Insider Blog: Calling on the Master

Posted May 25, 2010

Taekwondo and the Chiefs front seven? It's not as far-fetched as it sounds.

Yesterday, the Chiefs had a Taekwondo instructor giving members of the Chiefs front seven a pass rush tutorial. Trust me, it’s not as strange as it sounds. This martial arts expert has football roots that run deep.

GrandMaster Joseph E. Kim was in town for OTAs on Monday and he took the Chiefs defensive linemen and outside linebackers through a furry of handwork drills (take what you think you know of d-line shed drills and speed them up about 100 notches). Kim’s actually been working with Chiefs defenders for the past few months, but his presence on the football field for practice work was a first.

Known by many around league circles as a “pass rush guru,” Kim has worked for seven NFL franchises and one BCS collegiate program. His involvement in professional football spans over the course of 18 years.

GrandMaster Kim’s Football Resume:

Cleveland Browns (1992-95)
Assistant Strength Coach/ Pass Rush Specialist

Dallas Cowboys (1998)
Pass Rush Consultant

Cleveland Browns (1999-2000)
Assistant Strength Coach/ Pass Rush Specialist

Miami Dolphins (2001-06)
Pass Rush Consultant

Green Bay Packers (2005)
Pass Rush Consultant

Denver Broncos (2007)
Pass Rush Consultant

Penn State University (2009)
Pass Rush Consultant

Buffalo Bills (2009)
Pass Rush Consultant

Kansas City Chiefs (2010)
Pass Rush Consultant

During his first stint with the Browns Kim worked for head coach Bill Belichick, thus giving us a Chiefs connection. Chiefs GM Scott Pioi was part of the scouting department with the Browns at the time and obviously has more deep-seeded roots with Belichick.

“Joe Kim is tremendous,” Belichick is quoted as saying on Kim’s website. “The blend of martial arts expertise, football background and an ability to train all athletes makes him one of the best.”

By calling on Kim for help, the Chiefs are making a concerted effort to bolster their pass rush with the progression of in-house talent. Both Pioli and head coach Todd Haley have been quoted this off-season about putting a premium on the importance of marked improvement from young players currently on the roster – in essence, that’s what builds and sustains long-term success.

With two top-five picks manning each defensive end post, and another first-rounder occupying the primary pass rush position, the Chiefs defensive front is definitely one that is filled with young promise. Unfortunately, that young talent hasn’t translated into an elite pass rush just yet.

Despite more than doubling their sack output from 2008 to 2009 (10.0 sacks to 22.0 sacks), Kansas City still ranked 31st in that category a year ago.

The Chiefs did go out and add NT Shaun Smith in free agency and drafted OLB Cameron Sheffield this April, but ultimately the Chiefs are placing hopes for an improved pass rush on those who are already in-house. The major additions to help get the best out of those players were brought in on the coaching side of things, starting with Romeo Crennel and former NFL defensive lineman Anthony Pleasant. Kim’s expertise is another welcome addition.

“He’s a real big pass rush specialist,” DE Tyson Jackson said. “He works with several teams in the NFL and some of the great pass rushers that play this game. What’s real big with him is the use of hands and hand/eye coordination to develop pass rush technique.”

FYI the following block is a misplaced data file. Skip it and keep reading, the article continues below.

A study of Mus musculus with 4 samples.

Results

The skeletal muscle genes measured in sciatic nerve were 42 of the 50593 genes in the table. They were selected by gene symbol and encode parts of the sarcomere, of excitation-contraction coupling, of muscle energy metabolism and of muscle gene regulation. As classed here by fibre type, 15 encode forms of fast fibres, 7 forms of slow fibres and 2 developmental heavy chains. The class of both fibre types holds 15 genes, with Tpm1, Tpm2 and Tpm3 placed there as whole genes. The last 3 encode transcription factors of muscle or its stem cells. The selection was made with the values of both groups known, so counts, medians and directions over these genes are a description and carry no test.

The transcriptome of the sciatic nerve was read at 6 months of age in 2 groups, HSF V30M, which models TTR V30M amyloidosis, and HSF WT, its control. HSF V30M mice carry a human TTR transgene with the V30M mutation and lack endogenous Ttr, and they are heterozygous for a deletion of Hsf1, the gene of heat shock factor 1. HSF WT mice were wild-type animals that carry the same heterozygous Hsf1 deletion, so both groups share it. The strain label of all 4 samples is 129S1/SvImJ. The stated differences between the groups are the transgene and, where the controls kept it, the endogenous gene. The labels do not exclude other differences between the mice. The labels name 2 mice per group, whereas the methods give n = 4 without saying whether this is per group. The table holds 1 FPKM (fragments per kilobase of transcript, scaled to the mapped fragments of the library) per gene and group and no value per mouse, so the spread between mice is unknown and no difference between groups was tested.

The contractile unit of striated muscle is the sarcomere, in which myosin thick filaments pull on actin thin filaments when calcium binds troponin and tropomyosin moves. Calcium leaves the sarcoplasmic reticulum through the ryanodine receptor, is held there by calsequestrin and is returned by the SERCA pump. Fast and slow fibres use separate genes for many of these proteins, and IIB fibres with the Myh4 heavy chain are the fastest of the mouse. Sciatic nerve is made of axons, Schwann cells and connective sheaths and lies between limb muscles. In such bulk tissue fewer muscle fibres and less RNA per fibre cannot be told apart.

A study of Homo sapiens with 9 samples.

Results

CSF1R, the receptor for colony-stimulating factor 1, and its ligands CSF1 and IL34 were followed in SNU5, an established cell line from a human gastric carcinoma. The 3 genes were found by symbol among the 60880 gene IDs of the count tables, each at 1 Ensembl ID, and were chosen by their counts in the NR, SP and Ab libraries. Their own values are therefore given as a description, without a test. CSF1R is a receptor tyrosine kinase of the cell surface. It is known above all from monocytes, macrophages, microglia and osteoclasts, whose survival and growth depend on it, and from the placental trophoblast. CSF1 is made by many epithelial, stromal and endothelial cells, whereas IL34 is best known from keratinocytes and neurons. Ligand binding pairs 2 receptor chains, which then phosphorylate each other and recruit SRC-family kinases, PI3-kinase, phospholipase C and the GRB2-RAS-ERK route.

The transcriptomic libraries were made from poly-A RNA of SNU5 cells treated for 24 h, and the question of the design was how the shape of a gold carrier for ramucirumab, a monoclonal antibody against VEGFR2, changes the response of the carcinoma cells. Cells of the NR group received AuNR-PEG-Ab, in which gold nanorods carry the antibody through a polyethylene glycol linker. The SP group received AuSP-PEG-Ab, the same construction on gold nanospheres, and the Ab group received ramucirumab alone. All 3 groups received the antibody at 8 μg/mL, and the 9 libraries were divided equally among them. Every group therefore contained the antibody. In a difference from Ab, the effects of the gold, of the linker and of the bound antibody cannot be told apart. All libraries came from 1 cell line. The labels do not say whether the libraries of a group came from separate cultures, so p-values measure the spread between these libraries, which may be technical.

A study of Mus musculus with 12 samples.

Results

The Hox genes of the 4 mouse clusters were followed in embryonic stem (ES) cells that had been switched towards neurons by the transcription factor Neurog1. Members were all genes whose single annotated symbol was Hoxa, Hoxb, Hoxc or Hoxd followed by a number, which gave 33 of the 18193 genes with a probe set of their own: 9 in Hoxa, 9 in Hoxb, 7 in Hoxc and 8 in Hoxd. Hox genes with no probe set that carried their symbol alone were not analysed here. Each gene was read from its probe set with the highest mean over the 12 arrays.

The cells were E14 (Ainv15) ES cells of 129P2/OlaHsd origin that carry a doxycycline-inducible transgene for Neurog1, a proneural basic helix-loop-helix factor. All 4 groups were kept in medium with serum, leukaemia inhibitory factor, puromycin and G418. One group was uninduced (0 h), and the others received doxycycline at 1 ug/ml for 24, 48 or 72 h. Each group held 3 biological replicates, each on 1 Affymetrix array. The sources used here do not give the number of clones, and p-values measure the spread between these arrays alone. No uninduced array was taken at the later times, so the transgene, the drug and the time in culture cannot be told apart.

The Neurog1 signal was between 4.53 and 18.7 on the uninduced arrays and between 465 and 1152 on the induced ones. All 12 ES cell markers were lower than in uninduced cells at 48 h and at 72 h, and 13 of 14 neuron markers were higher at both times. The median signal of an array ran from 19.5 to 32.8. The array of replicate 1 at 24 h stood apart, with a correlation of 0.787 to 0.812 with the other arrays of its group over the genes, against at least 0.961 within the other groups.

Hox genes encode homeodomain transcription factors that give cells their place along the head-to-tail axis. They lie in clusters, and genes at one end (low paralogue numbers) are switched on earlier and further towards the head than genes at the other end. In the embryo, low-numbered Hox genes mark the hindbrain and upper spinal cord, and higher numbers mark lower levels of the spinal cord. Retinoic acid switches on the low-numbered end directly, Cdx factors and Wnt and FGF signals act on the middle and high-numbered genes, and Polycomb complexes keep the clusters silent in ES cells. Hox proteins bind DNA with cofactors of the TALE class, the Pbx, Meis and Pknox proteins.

In anyone knows about hand/eye coordination its Kim.

A 7th Dan Black Belt, Kim is recognized as one of the most successful Taekwondo experts in the United States. He earned his first degree Black Belt at age 11 in 1980 and has since produced over 250 Black Belt experts out of his Cleveland, Ohio training home. He’s also a permanent athlete resident at the U.S. Olympic Training Center.

Though they’ve only had a short relationship, Jackson is already noticing improvement in his pass rush technique from working with Kim.

“I can already tell just from these first few OTAs how much my pass rush technique has improved from the end of last year,” Jackson said.

But why take on Taekwondo to improve the pass rush?

Really, it makes perfect sense. Each of these NFL defenders has gone through countless hours of coaching from the pee wee ranks, right on up to the professional level. For the most part, their opponents have undergone similar training aimed at stopping these learned tactics.

When two professionals end up in a one-on-one battle, games are often decided. Something has to give; something that trumps the hours and hours of football fundamentals that have been preached to these players. Why not find an edge that goes beyond natural talent, some-how, some-way?

Pass rushers go through vigorous, short bursts of hand-to-hand combat on every snap, why not bring the quickness and focus demanded in Taekwondo to the gridiron for a leg-up in these one-on-one battles?

Taekwondo is often described, according to Wikipedia, as "the way of the foot and fist" or "the way of kicking and punching."

Kim’s lessons were geared towards the Chiefs pass rush specialists yesterday, but don’t count out Steve Hoffman and his specialists from future learning sessions either. If anyone needs hand quickness to separate off of blocks to get downfield, its punt team gunners who are often times double teamed on the outside to keep them from harassing return men.

The Chiefs aren’t the only ones utilizing Kim’s expertise. Earlier this month, Kim was hired by the N.Y. Giants to host a two-day coaching clinic.

An area that needs vast improvement, the Chiefs are working overtime when it comes to gaining an edge in the pass rush.